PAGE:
Slowly but surely, the world is coming to the realization that an investment in Tesla (NASDAQ: TSLA) is no longer just an investment in an electric vehicle company.
On Sept. 11, Morgan Stanley analyst Adam Jonas boosted his price target for Tesla by 60% from its previous $250 — near where it closed on the previous trading day — to $400 a share. His reason for doing so has to do with one crucial technological development that will drive the company’s long-term value proposition — Tesla’s supercomputer, Dojo.
Developed in-house by Tesla engineers, Dojo is one of the most sophisticated and powerful computers on Earth. Comprised of thousands of general processing units (GPU), the supercomputer holds the potential to revolutionize Tesla’s business and revenue streams.
According to Jonas, the development of Dojo is why it’s time for investors to view Tesla as an auto company and a tech company at the forefront of harnessing the power of artificial intelligence (AI). As Jonas put it, “We believe Dojo can represent the next step-change in market perception of Tesla.”
In the wake of Jonas’ upgrade, Tesla stock has gained ground, but as of Friday morning, getting to a $400 share price would still require an increase of about 45%.
A 45% increase from Tesla’s current price sounds nice, but how would Dojo get it there? First and foremost, Jonas and fellow analysts believe the supercomputer will help Tesla develop its full self-driving (FSD) software much faster and more efficiently.
In the updated Morgan Stanley report, Jonas presumes that the chips Dojo uses provide up to six times better performance than current GPUs on the market and significantly cut energy use since they will need less cooling. Add it all up, and Dojo could offer Tesla cost savings totaling nearly $6.5 billion over the next few years.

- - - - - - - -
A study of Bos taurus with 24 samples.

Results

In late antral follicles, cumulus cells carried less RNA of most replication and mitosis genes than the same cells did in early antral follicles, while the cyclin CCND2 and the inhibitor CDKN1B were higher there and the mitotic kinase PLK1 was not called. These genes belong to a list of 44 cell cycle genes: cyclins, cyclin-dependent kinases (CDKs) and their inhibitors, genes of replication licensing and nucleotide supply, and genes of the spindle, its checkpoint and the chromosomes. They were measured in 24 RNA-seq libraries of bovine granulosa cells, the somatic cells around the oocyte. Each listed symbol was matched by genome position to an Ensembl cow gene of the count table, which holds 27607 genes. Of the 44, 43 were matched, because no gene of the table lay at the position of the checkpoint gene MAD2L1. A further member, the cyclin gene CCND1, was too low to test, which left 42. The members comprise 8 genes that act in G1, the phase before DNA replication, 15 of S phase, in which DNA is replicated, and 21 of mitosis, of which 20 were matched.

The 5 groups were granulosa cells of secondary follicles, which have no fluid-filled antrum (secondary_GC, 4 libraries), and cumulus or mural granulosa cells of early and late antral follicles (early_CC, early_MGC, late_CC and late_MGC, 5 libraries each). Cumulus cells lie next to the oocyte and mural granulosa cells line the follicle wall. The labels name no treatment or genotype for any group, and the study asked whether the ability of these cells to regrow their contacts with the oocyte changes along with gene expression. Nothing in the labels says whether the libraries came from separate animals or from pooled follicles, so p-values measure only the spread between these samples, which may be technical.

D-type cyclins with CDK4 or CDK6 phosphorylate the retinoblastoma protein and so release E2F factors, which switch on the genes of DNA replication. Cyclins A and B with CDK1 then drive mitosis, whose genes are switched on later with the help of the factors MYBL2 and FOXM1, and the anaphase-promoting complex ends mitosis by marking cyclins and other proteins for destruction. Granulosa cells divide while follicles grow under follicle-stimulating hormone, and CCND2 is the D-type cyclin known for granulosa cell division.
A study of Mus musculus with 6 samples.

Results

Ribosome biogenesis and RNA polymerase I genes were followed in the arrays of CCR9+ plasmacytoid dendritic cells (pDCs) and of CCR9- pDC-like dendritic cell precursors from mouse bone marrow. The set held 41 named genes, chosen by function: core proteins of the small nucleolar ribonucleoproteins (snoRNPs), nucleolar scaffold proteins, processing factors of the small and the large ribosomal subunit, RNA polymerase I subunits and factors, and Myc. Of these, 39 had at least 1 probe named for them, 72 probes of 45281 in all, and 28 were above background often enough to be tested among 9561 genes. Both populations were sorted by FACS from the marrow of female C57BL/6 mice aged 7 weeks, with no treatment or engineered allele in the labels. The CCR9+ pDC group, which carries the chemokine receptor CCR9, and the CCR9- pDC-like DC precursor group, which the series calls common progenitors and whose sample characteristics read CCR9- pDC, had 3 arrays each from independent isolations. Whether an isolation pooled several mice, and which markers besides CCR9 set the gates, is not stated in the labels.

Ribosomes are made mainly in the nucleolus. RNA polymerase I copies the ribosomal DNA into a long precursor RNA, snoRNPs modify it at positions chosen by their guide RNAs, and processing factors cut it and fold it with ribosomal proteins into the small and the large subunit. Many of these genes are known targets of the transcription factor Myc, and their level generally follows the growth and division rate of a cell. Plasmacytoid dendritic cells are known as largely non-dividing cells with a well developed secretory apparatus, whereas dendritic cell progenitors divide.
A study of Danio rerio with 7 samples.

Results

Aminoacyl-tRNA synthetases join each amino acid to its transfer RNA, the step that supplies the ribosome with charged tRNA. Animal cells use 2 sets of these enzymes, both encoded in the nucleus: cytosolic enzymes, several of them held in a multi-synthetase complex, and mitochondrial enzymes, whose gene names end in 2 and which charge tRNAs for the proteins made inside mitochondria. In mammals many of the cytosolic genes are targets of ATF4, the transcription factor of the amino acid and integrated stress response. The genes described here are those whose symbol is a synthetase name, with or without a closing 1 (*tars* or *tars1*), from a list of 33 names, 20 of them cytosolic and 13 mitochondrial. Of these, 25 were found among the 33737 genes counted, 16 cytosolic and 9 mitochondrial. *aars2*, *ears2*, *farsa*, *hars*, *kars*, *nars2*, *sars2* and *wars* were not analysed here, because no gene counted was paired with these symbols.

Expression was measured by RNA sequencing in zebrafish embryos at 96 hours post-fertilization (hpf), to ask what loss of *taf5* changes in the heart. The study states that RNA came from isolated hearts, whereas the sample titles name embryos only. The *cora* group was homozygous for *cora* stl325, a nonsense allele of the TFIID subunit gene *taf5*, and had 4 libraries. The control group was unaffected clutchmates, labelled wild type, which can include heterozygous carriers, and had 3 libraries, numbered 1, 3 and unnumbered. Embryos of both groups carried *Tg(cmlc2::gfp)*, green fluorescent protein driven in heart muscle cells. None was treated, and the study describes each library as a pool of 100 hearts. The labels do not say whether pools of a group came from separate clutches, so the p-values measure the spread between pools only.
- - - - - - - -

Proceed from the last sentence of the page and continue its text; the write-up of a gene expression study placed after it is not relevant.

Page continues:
With a more capable and efficient in-house computing solution, Tesla can process the millions of miles of driving data its vehicles collect, and use that data to train its AI-powered neural networks to teach cars how to drive on their own. Attainment of the coveted Level 4 or 5 autonomy is the ultimate goal. At this point, Tesla plans to start a robotaxi business, an opportunity CEO Elon Musk expects to hold “quasi-infinite demand.”
Furthermore, Jonas estimates that Tesla’s more refined FSD software has the potential to generate upwards of $100 billion in operating income for the company by licensing it to other automakers who want to add autonomous driving capabilities to their vehicles.
While a self-driving taxi service and licensed FSD software would undoubtedly boost Tesla’s revenue, the real opportunity Dojo creates for the company is the development of a software-as-a-service (SaaS) product. Jonas drew comparisons to Amazon’s popular cloud computing platform provider, Amazon Web Services (AWS), to quantify just how transformative Dojo could be.
Today, AWS generates 70% of Amazon’s total earnings before interest and taxes, and Jonas predicts a similar future could unfold for Tesla. By offering Dojo as a cloud supercomputer that other companies could use to optimize their AI models (and by charging them hefty fees for that service), Tesla could bolster its profits. Moreover, demand for Dojo could range well beyond the automotive industry. Morgan Stanley believes Tesla’s supercomputer could help companies implement visually trained AI models similar to its FSD software in sectors such as manufacturing, aviation, healthcare, utilities, and security.
When considering the combination of the eventual creation of a robotaxi business, the potential revenues from licensing FSD to other automakers, and Dojo’s potential as a SaaS product, Jonas foresees a possible increase of up to $500 billion to Tesla’s market value, a move that would send the company’s valuation past $1 trillion.
Admittedly, these estimates remain speculative, but many indicators point toward Tesla reaching these heights. When Musk said two years ago that Tesla would be developing its own supercomputer, many critics brushed off the announcement. However, in July of this year, Dojo became the world’s third most powerful supercomputer, and Musk plans to make it number one.
As the growth of Dojo and the improvement of its AI capabilities continue, Tesla will be a portfolio leader for years to come. Most importantly, investors have a chance to get ahead of the game here, as the market still seems to view Tesla as just an electric vehicle manufacturer.